Woman with a Secret (Paperback)
William Morrow Paperbacks, 9780062388278, 416pp.
Publication Date: April 12, 2016
The New York Times bestselling author of The Monogram Murders—in the ranks of Ruth Rendell, Deborah Crombie, Kimberly McCreight, and Tana French—makes her William Morrow debut with a dark and chilling psychological thriller in which a woman desperate to hide a devastating secret in her past is drawn into a murder investigation.
Traffic on Elmhirst Road has come to a halt. The police are stopping cars, searching for something. Nicki Clements waits patiently, until she glimpses a face she hoped she’d never see again. It’s him—and he’s the cop checking each car. Desperate to avoid him, she makes a panicky U-turn and escapes.
But Nicki’s peculiar behavior did not go unnoticed, and now the police have summoned her for questioning. A resident of Elmhirst Road has been murdered—a controversial newspaper columnist named Damon Blundy. The detectives begin peppering her with questions. Why was she seen fleeing the scene? What is her connection to the victim? Why was the knife that killed him used in such a peculiar way? Why were the words “HE IS NO LESS DEAD” painted on the wall of Blundy’s study—and what do they signify?
One simple answer could clear her. But she can’t explain why she fled Elmhirst Road that day without revealing the secret that could ruin her.
Nicki isn’t guilty of murder. But she’s far from innocent. . . .
About the Author
Sophie Hannah is the New York Times-bestselling author of numerous psychological thrillers, which have been published in 49 countries and adapted for television. She also wrote The Monogram Murders, the first Hercule Poirot novel authorized by the estate of Agatha Christie, and its sequels Closed Casket and The Mystery of Three Quarters.
Praise For Woman with a Secret: A Novel…
— Lisa Gardner, #1 New York Times-bestselling author of Crash and Burn and Fear Nothing
“No one writes twisted, suspenseful novels quite like Sophie Hannah. I just love her dry, edgy wit and the way she brings her weirdly wonderful characters to life. Woman With a Secret is unpredictable, unputdownable, and unlike anything you’ve read before.”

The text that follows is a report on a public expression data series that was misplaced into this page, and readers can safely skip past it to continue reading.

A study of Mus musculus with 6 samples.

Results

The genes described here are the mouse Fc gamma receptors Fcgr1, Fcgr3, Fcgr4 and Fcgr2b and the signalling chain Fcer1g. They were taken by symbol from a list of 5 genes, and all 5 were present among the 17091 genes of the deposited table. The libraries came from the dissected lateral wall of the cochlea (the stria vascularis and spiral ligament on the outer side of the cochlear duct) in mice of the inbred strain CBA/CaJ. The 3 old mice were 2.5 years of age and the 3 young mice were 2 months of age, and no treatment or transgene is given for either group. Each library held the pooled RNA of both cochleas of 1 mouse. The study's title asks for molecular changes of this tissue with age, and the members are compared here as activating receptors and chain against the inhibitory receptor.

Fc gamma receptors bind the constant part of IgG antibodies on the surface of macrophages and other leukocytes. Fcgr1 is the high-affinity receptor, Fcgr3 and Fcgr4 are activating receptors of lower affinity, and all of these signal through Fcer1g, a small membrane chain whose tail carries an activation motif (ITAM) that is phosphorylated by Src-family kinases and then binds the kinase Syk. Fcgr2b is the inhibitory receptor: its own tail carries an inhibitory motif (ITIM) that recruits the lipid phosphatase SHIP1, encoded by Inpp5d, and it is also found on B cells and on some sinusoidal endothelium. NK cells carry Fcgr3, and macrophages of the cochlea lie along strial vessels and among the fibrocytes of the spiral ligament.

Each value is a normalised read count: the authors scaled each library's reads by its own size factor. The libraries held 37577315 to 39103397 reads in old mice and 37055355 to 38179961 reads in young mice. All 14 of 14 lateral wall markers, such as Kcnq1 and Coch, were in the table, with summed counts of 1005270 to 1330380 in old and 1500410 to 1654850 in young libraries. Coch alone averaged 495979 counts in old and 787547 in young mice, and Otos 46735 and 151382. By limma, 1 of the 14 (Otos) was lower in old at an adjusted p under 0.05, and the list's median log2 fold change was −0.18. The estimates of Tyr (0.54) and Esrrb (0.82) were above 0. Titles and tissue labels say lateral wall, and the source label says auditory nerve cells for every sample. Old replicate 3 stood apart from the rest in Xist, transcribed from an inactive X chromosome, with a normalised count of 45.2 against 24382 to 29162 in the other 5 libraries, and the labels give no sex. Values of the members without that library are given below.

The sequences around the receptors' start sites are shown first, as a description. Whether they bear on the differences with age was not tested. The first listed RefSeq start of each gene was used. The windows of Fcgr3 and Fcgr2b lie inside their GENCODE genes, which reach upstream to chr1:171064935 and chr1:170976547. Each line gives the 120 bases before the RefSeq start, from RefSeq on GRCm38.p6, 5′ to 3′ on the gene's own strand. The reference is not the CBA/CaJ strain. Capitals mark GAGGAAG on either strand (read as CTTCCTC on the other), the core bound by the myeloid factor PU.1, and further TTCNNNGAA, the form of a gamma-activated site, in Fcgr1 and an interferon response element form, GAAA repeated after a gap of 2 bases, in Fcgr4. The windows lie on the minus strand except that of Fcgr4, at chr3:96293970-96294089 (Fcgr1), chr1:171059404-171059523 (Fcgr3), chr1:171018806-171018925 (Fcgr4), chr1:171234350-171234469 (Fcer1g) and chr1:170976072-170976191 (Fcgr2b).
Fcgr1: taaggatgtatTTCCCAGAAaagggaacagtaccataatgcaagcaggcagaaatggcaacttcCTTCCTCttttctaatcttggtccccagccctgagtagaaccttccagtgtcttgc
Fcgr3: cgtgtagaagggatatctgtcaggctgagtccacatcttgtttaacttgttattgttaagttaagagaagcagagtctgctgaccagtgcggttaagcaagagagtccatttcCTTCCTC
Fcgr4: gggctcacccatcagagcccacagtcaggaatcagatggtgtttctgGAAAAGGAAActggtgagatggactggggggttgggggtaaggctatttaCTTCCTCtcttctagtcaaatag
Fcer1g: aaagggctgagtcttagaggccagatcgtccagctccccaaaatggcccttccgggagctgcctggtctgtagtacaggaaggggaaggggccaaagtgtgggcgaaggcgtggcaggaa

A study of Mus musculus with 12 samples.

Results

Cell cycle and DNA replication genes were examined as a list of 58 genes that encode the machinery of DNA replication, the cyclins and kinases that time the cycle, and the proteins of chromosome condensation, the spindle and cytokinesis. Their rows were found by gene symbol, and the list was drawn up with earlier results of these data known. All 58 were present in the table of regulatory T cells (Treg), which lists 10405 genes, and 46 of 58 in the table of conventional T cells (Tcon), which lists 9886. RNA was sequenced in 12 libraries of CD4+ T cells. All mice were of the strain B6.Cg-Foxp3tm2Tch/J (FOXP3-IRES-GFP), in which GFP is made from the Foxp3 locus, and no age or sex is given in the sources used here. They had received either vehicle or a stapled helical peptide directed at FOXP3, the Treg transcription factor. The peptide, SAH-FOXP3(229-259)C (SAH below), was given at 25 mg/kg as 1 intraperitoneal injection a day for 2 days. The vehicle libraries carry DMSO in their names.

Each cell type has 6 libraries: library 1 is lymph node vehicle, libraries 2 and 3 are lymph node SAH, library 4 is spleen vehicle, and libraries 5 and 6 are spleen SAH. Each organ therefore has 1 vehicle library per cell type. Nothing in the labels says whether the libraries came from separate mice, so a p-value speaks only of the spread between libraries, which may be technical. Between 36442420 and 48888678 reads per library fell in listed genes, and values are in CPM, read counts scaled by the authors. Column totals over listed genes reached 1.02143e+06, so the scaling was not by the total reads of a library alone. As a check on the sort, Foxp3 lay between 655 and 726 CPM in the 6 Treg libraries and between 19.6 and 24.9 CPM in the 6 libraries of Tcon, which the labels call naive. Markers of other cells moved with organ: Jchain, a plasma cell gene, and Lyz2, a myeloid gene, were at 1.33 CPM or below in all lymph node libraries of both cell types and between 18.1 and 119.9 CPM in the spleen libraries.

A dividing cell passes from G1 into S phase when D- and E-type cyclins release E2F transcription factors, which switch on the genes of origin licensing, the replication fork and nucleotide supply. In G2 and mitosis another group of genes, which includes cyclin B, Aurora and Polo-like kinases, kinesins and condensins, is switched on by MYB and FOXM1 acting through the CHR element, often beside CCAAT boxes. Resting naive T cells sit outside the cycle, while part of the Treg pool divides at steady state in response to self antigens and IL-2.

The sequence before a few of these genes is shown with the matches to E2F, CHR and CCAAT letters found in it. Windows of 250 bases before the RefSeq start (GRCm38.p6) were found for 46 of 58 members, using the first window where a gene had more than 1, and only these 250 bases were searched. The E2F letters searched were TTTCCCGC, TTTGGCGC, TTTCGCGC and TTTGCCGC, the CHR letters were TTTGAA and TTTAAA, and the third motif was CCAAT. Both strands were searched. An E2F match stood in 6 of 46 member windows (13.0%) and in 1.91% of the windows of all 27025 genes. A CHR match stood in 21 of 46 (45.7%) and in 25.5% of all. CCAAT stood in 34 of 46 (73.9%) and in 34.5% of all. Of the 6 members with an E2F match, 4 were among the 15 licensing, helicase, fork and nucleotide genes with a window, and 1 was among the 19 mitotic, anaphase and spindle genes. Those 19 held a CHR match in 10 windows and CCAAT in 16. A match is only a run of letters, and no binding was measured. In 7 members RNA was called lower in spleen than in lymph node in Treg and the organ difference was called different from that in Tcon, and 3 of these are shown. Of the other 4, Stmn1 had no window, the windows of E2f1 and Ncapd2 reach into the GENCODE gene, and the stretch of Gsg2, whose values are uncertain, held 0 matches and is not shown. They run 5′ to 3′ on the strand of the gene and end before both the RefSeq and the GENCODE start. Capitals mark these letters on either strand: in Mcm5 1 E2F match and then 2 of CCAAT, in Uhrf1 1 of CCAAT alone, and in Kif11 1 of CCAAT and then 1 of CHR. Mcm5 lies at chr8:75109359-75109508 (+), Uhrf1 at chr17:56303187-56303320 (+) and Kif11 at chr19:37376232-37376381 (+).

— Liane Moriarty, #1 New York Times bestselling author of Big Little Lies and The Husband's Secret
“Her plots are ingenious—she’s a writer in complete command of her material—and it’s O.K. if you haven’t quite kept up. She keeps you puzzled and intrigued, right until the end.”
— The New York Times Book Review
“Kept me guessing at every turn. Sophie Hannah...has clearly mastered the psychological methodology [of] Gillian Flynn or Tana French. Her unreliable narrator commands our attention and even our sympathy.”
“Witty and suspenseful...moves with the speed and unpredictability of a pinball. The author portions out Nicki’s secrets in ways that both heighten tension and increase sympathy for this unusual protagonist.”
— The Wall Street Journal
Conversation Starters from ReadingGroupChoices.com
- Is Nicki a sympathetic character? Is it her own fault that she's the way she is, or someone else's? Or does the novel have an attitude to character and behaviour that goes beyond that sort of moral judgement?
- Whose behaviour is more reprehensible: Nicki's or Melissa's? Why?
- Who bears most responsibility for the murder of Damon Blundy? His killer, or another character in the book?
- Is Nicki in control of the path her life is taking and able to make choices, or is she out of control?
- Would you describe Nicki as a love/sex addict? Do you believe that's a real condition, or psychobabble?
- Does the novel see our ability to live some of our lives online - via chatrooms and social media - as freeing or oppressive? Do you agree?
- What is the novel saying about online cruelty? Why does, for example, Bryn Gilligan, log onto Twitter and read and respond to people's insulting comments all day long? Why do we care when strangers insult and abuse us online, given that we don't know them and could ignore them?
- Is Damon Blundy a goodie or a baddy, or is that question too morally simplistic?
- What is the novel saying about hypocrisy?
- At one point, in one of his columns, Damon Blundy writes, 'If we want better apologies, we need to be more forgiving'. What might he have meant by this, and do you agree with him? Ought we to condemn the sin and not the sinner, and is this what Blundy is advocating in his attitude to Bryn Gilligan?
- In the UK, the novel is called The Telling Error - why do you think this title was chosen? What relevance does it have to the book?
- Paula Riddiough, the former MP, has a very unusual attitude to marriage and fidelity - do you have any sympathy with it? Is Paula's model of the ideal relationship more or less healthy than Nickis, or than Melissa's?
- What is the novel saying about secrets and lies? Are they the same thing? What's the relationship between the two?
- It is very important to Nicki to be able to tell Melissa the whole truth about her life. And yet, she's demonstrably a committed liar. So why does it matter so much to her to tell the truth to this one person?
- Can you understand why Nicki was so upset when her best friend and her brother became a couple?
- Are Simon and Charlie right to be suspicious of Liv and Gibbs? What might really be going on there, assuming Liv and Gibbs haven't broken up as they claim?